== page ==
Design and construction of the $6 million Microgrid and Isolated Systems Test facility in Cairns has now officially commenced.
The research and development hub will be undertaken by Cairns-based Osborne Construction Solutions and Babinda Electrics, and will support up to 70 jobs.
Member for Cairns Michael Healy said the facility, to be built at Ergon’s existing Spence Street site, is a massive coup for the region and puts Cairns at the forefront of energy innovation in Queensland.
“This is the first large-scale facility of its kind in Queensland and will feature some of the most cutting-edge technology in the energy sector,” Mr Healy said.
“This will pave the way for new electricity solutions that can be used across Queensland.
“It will also support many new jobs for the region, which will have a flow on effect for local businesses, schools and the economy.
“This is a win-win for Cairns and Energy Queensland.”
Queensland Energy Minister, Dr Anthony Lynham, said the facility will enable rigorous testing of new technologies to ensure they can be seamlessly integrated into the electricity network or used as an off-grid alternative.
“The brains of the new facility is a super computer, or real-time digital simulator, which can simulate and model equipment and capture data in very high detail,” Dr Lynham said.
“A wide range of energy solutions will be able to be tested before they are deployed, enabling renewable energy and energy storage to form a greater part of microgrids and isolated systems for remote communities.
“We want to tap into technology that helps deliver affordable, reliable, sustainable and safe energy solutions to communities across Queensland, but we have to ensure it is the right fit first.”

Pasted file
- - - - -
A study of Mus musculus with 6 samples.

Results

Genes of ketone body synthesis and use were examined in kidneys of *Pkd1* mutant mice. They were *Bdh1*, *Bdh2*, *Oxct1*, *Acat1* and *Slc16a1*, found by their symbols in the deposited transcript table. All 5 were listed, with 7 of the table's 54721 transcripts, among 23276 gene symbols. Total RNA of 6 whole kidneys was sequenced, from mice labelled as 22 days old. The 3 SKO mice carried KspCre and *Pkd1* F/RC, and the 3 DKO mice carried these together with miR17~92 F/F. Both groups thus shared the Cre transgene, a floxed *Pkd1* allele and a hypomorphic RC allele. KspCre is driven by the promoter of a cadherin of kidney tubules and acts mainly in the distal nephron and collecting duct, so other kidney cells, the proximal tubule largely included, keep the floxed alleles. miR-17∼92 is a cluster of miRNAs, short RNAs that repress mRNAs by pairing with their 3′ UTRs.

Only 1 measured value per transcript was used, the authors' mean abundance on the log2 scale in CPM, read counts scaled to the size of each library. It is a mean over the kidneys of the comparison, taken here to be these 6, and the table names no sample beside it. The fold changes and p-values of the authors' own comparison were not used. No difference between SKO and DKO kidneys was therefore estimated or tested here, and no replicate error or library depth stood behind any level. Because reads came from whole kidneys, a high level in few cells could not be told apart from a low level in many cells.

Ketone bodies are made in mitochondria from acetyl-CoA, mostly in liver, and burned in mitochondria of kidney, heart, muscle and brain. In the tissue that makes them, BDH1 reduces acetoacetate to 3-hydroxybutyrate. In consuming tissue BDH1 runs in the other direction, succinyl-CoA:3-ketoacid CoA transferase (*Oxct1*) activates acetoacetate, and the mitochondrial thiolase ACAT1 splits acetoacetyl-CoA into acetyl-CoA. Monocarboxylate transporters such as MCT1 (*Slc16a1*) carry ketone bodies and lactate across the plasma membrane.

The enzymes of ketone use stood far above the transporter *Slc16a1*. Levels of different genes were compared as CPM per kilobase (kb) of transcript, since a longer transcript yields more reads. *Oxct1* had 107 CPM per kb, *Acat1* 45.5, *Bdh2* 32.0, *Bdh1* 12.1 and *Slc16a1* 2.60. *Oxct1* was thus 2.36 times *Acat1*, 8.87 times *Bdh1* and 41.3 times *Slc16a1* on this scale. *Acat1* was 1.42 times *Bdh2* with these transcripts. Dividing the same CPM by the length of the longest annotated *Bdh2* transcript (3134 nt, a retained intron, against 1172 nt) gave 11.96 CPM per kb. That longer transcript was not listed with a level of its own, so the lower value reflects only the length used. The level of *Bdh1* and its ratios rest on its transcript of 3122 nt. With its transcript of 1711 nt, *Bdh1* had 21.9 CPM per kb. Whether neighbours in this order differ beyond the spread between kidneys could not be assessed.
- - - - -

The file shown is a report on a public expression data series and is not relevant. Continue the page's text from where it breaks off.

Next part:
The facility will incorporate and build on the success of Energy Queensland’s Innovation Lab, where testing of solar PV systems and battery energy storage has already assisted the development of national safety standards and an intelligent grid.
Principal Engineer Technology Innovation at Energy Queensland, Alan Louis, said the facility will help new technologies connect to the National Electricity Market grid.
“This helps us enable new technologies to connect to the grid so that more Queenslanders can harness the power of solar without impacting the security of the network or quality of supply,” he said.
“The Sunshine State now boasts one of the highest distributed solar PV penetration rates in the world and we’re proud to be playing a significant role in the transition to renewables.”
Energy Queensland employees from across the state will work with the Cairns-based facility to investigate more efficient options to supply remote communities and customers on the fringes of the grid, where it makes sense for economic and environmental reasons.
“By enabling the integration of high levels of centralised and distributed renewables and energy storage, we can reduce costly diesel consumption in isolated communities,” Mr Louis said.
“With a facility of this calibre, we can prepare customers, communities and our workforce for the future, support regional development and build on our relationships with local academic institutions, like James Cook University and Central Queensland University.”